How games can make behavioural science better

Article by Bria Long et al: “When US cognitive scientist Joshua Hartshorne was investigating how people around the world learn English, he needed to get tens of thousands of people to take a language test. He designed ‘Which English?’, a grammar game that presented a series of tough word problems and then guessed where in the world the player learnt the language. Participants shared their results — whether accurate or not — on social media, creating a snowball effect for recruitment. The findings, based on data from almost 670,000 people, revealed that there is a ‘critical period’ for second-language learning that extends into adolescence.

This sort of ‘gamification’ is becoming a powerful research tool across fields that study humans, including psychology, neuroscience, economics and behavioural economics. By making research fun, the approach can help experiments to reach thousands or millions of participants. For instance, experiments embedded in a video game demonstrated that the layout of the city where a child lives shapes their future navigational ability. Data from a digital word search showed that people who are skilled at the game do not necessarily give better advice to those trying to learn it. And a dilemma game involving millions of people revealed that most individuals have reliable moral intuition.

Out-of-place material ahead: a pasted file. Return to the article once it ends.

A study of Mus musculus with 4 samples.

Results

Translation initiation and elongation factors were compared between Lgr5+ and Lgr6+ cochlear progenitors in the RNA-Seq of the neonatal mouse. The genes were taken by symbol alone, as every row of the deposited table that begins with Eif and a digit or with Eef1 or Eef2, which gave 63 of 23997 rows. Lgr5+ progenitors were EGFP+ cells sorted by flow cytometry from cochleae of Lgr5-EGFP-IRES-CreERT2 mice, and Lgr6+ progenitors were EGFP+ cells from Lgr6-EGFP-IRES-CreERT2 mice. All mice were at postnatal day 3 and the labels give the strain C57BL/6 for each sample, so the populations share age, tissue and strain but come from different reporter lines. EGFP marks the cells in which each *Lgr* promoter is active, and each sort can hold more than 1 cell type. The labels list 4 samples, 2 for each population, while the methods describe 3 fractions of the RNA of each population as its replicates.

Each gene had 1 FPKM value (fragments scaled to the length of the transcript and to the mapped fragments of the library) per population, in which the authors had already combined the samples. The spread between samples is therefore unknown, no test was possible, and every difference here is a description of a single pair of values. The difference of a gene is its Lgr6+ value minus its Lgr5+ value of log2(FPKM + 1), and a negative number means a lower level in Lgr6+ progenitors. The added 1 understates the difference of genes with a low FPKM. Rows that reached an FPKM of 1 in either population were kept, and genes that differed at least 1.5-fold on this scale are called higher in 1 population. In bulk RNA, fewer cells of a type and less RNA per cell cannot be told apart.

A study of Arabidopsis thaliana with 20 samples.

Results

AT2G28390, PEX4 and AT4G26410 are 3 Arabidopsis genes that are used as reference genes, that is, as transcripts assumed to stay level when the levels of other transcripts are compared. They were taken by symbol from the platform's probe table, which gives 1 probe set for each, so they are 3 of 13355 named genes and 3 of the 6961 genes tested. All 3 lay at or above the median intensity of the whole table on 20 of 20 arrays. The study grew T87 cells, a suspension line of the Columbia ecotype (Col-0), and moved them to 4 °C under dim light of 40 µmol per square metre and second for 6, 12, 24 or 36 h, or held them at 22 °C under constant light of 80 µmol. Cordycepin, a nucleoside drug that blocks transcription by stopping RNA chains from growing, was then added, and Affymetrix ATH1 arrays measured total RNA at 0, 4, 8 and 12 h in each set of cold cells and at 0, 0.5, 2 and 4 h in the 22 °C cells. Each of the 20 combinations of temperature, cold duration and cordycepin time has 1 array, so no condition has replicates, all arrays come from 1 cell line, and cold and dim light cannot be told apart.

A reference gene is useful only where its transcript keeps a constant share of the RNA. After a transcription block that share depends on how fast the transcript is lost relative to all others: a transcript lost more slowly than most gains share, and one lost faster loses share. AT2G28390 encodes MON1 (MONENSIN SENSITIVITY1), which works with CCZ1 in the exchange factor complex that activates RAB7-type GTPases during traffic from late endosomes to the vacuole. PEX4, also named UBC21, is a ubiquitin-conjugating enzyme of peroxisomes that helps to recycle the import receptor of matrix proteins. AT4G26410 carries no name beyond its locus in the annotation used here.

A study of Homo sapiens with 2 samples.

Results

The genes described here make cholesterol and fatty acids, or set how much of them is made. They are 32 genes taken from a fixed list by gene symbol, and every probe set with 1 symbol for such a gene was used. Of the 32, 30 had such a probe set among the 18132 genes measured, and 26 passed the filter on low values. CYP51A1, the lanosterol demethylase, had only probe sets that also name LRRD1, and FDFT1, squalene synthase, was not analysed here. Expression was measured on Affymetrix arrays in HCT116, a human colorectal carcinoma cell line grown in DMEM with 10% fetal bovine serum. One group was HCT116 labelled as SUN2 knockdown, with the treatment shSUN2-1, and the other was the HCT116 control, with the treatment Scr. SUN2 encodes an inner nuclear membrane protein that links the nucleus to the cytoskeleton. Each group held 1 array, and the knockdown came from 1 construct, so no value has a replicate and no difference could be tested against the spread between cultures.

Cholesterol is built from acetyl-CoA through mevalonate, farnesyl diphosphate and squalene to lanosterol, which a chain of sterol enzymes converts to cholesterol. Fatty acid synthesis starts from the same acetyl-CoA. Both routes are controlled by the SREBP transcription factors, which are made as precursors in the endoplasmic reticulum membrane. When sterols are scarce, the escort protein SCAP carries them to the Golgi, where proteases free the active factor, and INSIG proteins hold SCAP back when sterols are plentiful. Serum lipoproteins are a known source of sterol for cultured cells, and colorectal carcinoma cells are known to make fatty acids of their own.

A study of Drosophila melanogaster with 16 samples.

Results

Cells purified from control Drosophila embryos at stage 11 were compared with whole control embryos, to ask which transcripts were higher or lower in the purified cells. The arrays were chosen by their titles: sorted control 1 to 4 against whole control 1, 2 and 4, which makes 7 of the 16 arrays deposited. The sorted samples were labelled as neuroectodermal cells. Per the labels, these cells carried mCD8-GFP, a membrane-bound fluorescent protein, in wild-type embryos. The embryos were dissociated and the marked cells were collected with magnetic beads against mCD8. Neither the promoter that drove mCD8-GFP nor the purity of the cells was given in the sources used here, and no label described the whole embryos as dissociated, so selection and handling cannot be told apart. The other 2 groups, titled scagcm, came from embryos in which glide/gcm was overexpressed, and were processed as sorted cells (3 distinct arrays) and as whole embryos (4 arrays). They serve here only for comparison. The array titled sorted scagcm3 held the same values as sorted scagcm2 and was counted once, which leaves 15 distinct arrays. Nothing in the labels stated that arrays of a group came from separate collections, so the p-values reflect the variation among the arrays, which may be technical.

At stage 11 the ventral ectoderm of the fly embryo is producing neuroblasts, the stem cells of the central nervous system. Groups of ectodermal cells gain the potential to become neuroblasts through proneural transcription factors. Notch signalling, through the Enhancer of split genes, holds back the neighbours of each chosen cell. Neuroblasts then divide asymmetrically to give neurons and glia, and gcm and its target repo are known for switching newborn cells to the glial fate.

Gamification can help to avoid the pitfalls of conventional laboratory-based experiments by allowing researchers to study diverse populations, to conduct more-sophisticated experiments and to observe human behaviour in naturalistic environments. It can improve statistical power and reproducibility, making research more robust. Technical advances are making gamification cheaper and more straightforward, and the COVID-19 pandemic has forced many labs to move their human experiments online. But despite these changes, most have not yet embraced the opportunities gamification affords.

To reach the full potential of this approach, researchers must dispel misconceptions, develop new gamification technologies, improve access to existing ones and apply the methods to productive research questions. We are researchers in psychology, linguistics, developmental science, data science and music who have run our own gamified experiments. We think it’s time for science to get serious about games…(More)”.